I was asked today about MOSS’s behavior when workflows are changed midstream. Say I have a document library with a Workflow attached to it, start a few long-running (non-immediate) workflows, then change the workflow before they’re completed – will they keep running? Will they use the new workflow or the old, from that point on?
I had hoped for the former, but expected the latter. You can’t switch flow in midstream (if you’ll pardon my mishmash of similar metaphors), since a newer activity might rely on a variable created by a previous action – one that never took place.
Armed with a burning scientific curiosity and a lack of something to do while the motorway was jammed due to an accident, I set out to check my hypothesis:
1) Create a document library with three fields – two text fields and a Yes/No field. The two text fields represent actions taken before and after the change, while the yes/no field is to simulate a long-running workflow that requires other user’s interaction:
2) Create a simple workflow that updates the Step1 field and then waits around until the Waiting field is set to No:
This worked fine, of course – a new document would start the workflow and get its field set to Step1, then wait until I unchecked the Waiting field and then completed. I created another document and left it in the Waiting state.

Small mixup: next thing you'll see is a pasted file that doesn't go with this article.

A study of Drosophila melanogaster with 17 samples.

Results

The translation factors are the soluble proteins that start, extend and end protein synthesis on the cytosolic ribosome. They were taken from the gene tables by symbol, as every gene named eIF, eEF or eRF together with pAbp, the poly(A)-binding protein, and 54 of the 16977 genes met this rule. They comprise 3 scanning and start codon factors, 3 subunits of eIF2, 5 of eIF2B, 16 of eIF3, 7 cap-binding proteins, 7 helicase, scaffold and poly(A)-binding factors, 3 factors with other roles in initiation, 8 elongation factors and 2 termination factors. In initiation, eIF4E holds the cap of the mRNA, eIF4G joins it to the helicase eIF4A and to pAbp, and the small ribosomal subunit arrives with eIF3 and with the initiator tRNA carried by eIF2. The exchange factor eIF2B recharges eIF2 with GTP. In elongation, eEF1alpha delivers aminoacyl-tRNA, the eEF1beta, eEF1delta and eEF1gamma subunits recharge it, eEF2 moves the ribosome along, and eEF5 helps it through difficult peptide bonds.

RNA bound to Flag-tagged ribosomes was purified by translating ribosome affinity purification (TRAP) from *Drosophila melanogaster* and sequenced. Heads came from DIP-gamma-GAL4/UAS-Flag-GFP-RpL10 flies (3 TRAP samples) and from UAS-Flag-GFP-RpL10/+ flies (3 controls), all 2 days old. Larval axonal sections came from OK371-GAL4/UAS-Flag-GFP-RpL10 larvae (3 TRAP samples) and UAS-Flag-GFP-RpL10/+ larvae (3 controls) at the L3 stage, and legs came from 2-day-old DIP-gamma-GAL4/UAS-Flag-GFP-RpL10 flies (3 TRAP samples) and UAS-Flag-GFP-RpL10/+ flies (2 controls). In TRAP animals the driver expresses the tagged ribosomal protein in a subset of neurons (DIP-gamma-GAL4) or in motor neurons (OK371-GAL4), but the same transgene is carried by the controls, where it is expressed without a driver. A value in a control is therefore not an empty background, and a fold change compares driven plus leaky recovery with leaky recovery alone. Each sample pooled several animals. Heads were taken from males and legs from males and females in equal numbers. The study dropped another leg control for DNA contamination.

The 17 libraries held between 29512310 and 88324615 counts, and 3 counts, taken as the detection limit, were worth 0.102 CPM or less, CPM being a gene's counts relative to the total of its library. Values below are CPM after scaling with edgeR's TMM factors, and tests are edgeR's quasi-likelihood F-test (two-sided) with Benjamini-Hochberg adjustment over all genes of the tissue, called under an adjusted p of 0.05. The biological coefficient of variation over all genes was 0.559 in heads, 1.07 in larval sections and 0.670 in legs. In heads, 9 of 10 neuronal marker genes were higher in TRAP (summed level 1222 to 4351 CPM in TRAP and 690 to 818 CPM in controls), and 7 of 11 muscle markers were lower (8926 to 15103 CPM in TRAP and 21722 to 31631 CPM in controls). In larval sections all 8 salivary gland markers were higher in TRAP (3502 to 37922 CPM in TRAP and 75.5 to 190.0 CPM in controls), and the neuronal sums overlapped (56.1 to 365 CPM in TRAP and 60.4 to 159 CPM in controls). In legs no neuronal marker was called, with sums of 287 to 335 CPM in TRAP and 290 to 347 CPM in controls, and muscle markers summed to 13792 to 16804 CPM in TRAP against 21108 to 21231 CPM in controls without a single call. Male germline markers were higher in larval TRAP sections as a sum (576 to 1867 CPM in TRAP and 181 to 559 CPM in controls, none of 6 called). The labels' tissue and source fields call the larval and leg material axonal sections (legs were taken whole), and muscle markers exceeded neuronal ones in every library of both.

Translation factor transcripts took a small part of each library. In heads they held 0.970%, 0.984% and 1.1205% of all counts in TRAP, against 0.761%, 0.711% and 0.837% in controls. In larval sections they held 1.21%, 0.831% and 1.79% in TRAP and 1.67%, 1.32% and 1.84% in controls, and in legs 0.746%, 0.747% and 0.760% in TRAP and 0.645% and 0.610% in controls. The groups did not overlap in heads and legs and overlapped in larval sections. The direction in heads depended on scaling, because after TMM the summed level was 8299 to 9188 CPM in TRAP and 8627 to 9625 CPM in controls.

3) Update the workflow and add another action after waiting – simply setting a value to the post-wait Step2:
4) Try it out. I created a new document and verified that Step1 was set before waiting, and Step2 set after waiting. Then I unchecked the Waiting flag on the old document, created with the original workflow.
As expected, Step2 did not get assigned for that document. Despite the fact that the latest version of the workflow had a new action after the Wait, the document was attached to the older version of the workflow, and not the newer. This was also true when I added the second action in a different Workflow Step, rather than a second Action in the same step.
This can be easily seen inside Sharepoint Designer, where we can see that the Workflow’s XOML file is just another file stored in just another document library – and like any other document library, it supports file versioning:
This is a potential cause for confusion – if we have many workflows active and are then required to make a change to it, it’s hard to know which workflow is running for which document. The ideal solution would be to complete or terminate all workflows before making a change, but that’s hardly a realistic solution for modifying production systems.